Published on February 25th, 2012 | by Philip Bates0
Introducing: Worlds in Time
Since 1983’s Doctor Who: The First Adventure, Doctor Who has tried hard to break into the gaming industry in a big way. We’ve had Doctor Who and the Mines of Terror, Destiny of the Doctors, The Adventure Games (RIP?) and The Eternity Clock is imminent. But the BBC’s Worlds in Time is something completely different…
Three is the magic number
Doctor Who: Worlds in Time is BBC Worldwide’s first free-to-play online multiplayer in which you can board the TARDIS and become the Doctor’s companion. Announced just before San Francisco’s Games Developers Conference in February 2011, it launched earlier this month after an open preview in late 2011.
World in Time has been developed with Three Rings Design as a puzzle-centric game in which fans of the show can socialise whilst battling the universe’s most dangerous villains.
Robert Nashak, EVP Digital Entertainment at BBC Worldwide says:
“Three Rings is the ideal team for this groundbreaking creative partnership. Not only are they visionaries in the online gaming space, they are lifelong Doctor Who fans with a passion for delivering the level of quality that our players will expect and deserve.”
Based in San Fransisco, Three Rings was founded in 2001, and launched their first game, Puzzle Pirates, two years later. They have since been acquired by gaming-giant, Sega.
Daniel James, CEO of Three Rings, adds:
“Three Rings is delighted and honoured to have the opportunity to create an online game based on Doctor Who. Our goal with Worlds in Time is to capture the imaginative spirit and depth of the series, whilst being fun and easy to play for all ages.”
The Pixelated Whoniverse
Caroline Skinner, Executive Producer of the series, has a hand in Worlds in Time, aiming to give players a game firmly rooted in the Whoniverse. She told SFX:
“The thing that I’m really excited about with this game is that it does a really brilliant job of bringing a lot of the magic of Doctor Who into a completely different platform for the fans. I’ve been working on the show for about six months now, but the game has been well over one and a half years in the making and so my predecessors Piers [Wenger] and Beth [Willis] and members of the production team have been working in a very hand-in-hand way with the gaming team and the BBC Worldwide developers to make sure every storyline, every detail, every monster and the tone and the essence of the game feel as if they’re as Doctor Who as they possibly can be.”
Skinner adds that the show and the game were “always going to work hand-in-hand.”
Like many other Doctor Who games, puzzles are an important part of the tapestry of Worlds in Time. As Nashak told MCVita, “its name is an acronym for ‘WiT’ – it’s a game that’s about brainpower, not firepower.” And this is certainly reflective of the Doctor’s attitude. He never carries a gun. Because ‘if people see you mean them no harm, they never hurt you. Nine times out of ten.’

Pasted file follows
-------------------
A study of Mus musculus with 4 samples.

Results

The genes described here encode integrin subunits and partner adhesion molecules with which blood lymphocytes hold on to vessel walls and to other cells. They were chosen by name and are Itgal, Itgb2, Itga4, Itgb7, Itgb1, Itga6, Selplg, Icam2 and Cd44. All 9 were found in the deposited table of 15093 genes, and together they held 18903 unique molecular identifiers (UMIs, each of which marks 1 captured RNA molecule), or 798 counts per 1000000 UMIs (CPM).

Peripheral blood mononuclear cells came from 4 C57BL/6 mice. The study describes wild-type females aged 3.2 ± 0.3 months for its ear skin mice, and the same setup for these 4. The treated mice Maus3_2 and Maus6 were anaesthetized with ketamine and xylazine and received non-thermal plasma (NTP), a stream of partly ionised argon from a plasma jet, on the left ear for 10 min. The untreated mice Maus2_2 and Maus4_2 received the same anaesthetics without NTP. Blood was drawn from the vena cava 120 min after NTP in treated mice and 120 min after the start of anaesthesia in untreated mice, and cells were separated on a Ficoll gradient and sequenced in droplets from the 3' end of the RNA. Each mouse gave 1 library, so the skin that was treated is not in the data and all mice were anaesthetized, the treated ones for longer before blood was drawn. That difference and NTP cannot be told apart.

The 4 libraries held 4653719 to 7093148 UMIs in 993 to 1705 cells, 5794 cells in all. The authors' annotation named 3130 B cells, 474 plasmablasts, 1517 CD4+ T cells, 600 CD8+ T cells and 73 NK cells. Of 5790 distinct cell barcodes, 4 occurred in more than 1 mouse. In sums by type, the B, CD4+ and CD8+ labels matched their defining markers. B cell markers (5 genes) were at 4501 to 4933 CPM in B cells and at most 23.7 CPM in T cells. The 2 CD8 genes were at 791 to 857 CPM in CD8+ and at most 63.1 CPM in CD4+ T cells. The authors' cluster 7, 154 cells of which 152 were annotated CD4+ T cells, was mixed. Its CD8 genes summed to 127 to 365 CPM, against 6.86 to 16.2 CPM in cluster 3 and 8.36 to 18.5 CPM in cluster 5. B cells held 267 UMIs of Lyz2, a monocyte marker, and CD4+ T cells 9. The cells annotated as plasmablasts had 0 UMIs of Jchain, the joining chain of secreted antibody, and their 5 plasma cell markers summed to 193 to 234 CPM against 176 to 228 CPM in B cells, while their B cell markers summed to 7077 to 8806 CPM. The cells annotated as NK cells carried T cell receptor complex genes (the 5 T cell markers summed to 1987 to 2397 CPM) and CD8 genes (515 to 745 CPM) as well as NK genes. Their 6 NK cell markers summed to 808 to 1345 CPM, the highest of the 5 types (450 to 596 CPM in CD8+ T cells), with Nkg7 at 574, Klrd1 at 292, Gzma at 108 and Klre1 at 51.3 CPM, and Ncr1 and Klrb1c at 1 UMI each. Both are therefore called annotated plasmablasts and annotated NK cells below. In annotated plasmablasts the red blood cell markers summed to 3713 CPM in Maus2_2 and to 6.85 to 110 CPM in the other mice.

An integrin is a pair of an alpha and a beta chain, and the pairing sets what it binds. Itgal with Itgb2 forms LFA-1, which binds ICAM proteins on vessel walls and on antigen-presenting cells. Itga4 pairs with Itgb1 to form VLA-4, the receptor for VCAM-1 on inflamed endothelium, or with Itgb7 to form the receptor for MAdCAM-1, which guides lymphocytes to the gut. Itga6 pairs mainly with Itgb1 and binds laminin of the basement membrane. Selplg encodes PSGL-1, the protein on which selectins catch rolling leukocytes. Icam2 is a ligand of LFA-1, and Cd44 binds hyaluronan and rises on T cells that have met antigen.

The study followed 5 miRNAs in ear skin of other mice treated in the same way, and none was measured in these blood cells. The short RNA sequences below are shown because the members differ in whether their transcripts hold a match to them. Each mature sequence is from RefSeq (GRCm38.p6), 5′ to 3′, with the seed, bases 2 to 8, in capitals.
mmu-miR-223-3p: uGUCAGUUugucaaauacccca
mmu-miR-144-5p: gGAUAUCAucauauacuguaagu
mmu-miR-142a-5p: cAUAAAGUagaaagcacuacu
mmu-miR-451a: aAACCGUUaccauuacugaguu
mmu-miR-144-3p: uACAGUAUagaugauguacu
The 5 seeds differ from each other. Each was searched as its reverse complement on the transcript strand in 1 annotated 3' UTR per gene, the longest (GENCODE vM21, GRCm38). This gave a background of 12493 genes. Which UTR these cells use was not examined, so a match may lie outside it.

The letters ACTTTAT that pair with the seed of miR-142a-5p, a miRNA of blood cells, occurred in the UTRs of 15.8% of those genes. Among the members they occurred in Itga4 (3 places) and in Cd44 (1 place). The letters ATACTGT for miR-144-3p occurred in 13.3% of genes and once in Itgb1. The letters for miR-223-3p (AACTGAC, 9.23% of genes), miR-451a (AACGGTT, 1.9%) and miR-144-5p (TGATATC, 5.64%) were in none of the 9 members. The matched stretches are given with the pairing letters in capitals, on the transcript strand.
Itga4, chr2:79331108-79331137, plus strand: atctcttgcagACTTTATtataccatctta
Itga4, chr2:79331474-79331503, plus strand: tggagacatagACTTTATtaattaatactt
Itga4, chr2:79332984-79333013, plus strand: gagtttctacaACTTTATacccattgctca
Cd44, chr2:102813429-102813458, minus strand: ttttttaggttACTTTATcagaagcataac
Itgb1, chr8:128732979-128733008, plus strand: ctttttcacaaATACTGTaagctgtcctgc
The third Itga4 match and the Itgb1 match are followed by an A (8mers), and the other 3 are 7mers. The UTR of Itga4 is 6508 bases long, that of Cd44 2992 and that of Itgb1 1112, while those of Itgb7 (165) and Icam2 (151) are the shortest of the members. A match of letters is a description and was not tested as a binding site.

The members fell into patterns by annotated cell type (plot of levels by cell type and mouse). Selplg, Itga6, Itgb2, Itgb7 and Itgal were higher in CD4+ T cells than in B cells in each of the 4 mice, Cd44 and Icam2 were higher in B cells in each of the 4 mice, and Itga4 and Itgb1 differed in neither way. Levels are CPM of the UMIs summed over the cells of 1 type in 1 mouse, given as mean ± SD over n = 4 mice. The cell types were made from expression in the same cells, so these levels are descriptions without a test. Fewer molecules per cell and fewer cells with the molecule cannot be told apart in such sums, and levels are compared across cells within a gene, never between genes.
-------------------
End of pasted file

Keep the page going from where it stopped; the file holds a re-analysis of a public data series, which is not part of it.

Players must battle various infamous monsters from the TV series to eventually earn themselves a sonic screwdriver. So far, we’ve seen Daleks, Ood, the Clockwork Droids, Silurians – and even Zygons!
But Robert Nashak maintains that it isn’t just long-time Whovians who can enjoy the game:
“We’ve created a game that is accessible to non-fans – all the narrative can be played whether you have a working knowledge of the show’s stories or not. The important elements are the social mechanics and the narrative and puzzles.”
Worlds in Time uses Chronons as in-game currency. And with a target demographic of ages 13 and up, parents need not worry about their children spending all their money – well, not too much, anyway. Gamers receive a certain amount of Chronons free every day, but can choose to pay for more, if they want to.
It’s important to remember that the ‘worlds’ in the game’s title is, indeed, plural; the multiplayer is built to be expanded upon. Caroline Skinner told SFX that the first addition is ready for release:
“They’re bringing in Skaro soon and I remember first seeing it and the inner fan in me thinking, ‘wow, that looks cool!’ It’s a whole lot of fun, but it’s also the kind of game that you could imagine you’re going to play for about 15 minutes and solve one of the fairly small puzzle elements and you suddenly find you’re still there two hours later, running round the worlds.”
However, plans aren’t set in stone for the 50th Anniversary of Doctor Who just yet:
“I’m not quite sure exactly what we’ll do with the game yet to be honest, but we’re in conversations about that at the moment, so I’m sure there’ll be lots of exciting things for us to add in for November 2013.”
Delving into the show’s history must be a hugely enjoyable task, but that hasn’t stopped the makers looking to the future, and its reliance on its TV counterpart. As Nashak tells MCVita, plans are afoot to create a brand-new villain for Worlds in Time, who may also be seen on the small screen:
“That’s the vision, long-term. We didn’t come here just to deploy the content across platforms – we want to interact with what’s happening with a show. It’s definitely our aspiration. In this newer media landscape, we’re all expected to push the envelope and keep our properties relevant – and the BBC is well placed to do that.”
You can play Worlds in Time – alongside fans worldwide – at www.doctorwhowit.com.